South Carolina’s Richland One School District is one of the largest and most diverse in the state, serving 24,000 students at more than 40 schools. It includes the state capital, Columbia, as well as surrounding rural and suburban areas, but is largely urban. Such demographic and geographic differences could have divided the community and complicated afterschool programming in the district. Instead, Richland One has made diversity a cornerstone of its programming.
Richland One’s success is attributable to the commitment of policy makers at the federal, state and local levels. In 1997, Governor Carroll Campbell’s Education Accountability Act, which mandated that schools provide remedial afterschool services for students with below basic test scores, went into effect. That same year, the Superintendent of the Richland One District created a division for afterschool programming, while the mayor of Columbia joined the local police chief in expressing city-level support for afterschool programs. The federal government’s 21st Century Community Learning Centers (CCLC) initiative helped provide an avenue for critically needed funding. Before that “perfect storm” of factors combined, only a small percentage of Richland One students had access to afterschool.
Today, more than 40 percent of the district’s students are enrolled. In addition to five 21st CCLC programs, the district runs programs supported by foundations, the school district, the state and parent fees. A long list of community partners has been drawn into the effort. It includes the county sheriff’s department, the school district, the University of South Carolina, local businesses and the city government. In addition to providing academic support for students, programs address a range of issues, targeted to specific needs of particular communities. They include programs aimed at gang violence, teen pregnancy, juvenile delinquency, obesity prevention and more.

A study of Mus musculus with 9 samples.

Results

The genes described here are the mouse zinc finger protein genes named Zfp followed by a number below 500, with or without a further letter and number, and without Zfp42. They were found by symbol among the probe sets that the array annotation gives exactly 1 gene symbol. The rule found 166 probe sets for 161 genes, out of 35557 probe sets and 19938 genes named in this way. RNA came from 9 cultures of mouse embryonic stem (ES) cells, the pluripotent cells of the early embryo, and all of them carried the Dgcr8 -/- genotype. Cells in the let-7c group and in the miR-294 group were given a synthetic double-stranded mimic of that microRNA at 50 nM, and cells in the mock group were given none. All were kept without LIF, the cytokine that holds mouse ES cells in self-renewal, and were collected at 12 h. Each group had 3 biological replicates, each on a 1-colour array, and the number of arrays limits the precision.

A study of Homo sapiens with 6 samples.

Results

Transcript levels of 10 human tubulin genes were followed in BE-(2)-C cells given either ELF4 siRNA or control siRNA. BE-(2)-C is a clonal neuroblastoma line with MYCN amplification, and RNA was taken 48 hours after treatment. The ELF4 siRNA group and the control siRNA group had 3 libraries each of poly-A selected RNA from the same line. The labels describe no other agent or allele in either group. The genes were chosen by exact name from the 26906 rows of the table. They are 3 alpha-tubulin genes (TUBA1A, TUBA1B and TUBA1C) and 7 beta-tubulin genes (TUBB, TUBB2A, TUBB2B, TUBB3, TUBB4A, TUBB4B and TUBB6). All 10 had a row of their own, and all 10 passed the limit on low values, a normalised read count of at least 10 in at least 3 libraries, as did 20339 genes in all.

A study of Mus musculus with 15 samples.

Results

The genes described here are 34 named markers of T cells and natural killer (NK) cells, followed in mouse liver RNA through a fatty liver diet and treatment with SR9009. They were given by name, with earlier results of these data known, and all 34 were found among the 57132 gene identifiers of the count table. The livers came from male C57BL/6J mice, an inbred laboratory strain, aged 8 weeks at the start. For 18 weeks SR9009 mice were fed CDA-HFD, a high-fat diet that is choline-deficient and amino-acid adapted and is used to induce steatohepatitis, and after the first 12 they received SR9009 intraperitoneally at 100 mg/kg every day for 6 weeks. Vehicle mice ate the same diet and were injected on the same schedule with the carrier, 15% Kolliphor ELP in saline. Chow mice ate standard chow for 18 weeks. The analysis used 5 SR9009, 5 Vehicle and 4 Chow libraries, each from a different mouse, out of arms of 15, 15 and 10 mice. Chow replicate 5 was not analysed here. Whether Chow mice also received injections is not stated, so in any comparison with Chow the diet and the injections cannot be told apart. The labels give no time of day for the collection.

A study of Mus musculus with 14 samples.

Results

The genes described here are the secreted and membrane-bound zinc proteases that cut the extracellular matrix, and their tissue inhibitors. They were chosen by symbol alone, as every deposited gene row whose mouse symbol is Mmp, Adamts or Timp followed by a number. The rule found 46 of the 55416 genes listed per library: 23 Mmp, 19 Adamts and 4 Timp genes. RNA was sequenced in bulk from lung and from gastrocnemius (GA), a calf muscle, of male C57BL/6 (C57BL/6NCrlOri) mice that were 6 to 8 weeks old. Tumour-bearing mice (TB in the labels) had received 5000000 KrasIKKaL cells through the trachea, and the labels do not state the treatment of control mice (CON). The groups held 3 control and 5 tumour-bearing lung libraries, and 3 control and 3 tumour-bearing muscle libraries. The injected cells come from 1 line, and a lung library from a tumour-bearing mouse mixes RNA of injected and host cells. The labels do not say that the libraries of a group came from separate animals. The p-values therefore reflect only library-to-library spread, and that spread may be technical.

Stakeholders have identified afterschool as an antidote to these problems, and are coming together to advocate for increased investment in afterschool at all levels. Their support is making an important difference, according to Dr. Traci Young Cooper, Director, Office of Extended Day Programs Richland County School District One. “The City of Columbia and Richland School District One have been positively impacted by the presence of 21st Century Community Learning Center funding and programs,” she says. “Twenty-first CCLC has an irreplaceable impact on the lives of afterschool participants, parents and our community."
EDITOR’S NOTE: Richland One School District was one of the first communities to be awarded a 21st Century Community Learning Center grant to support its afterschool programs. The federal 21st Century Community Learning Centers initiative has just marked 10 years of supporting community afterschool programs. Today, it remains the only federal funding source dedicated to afterschool programs.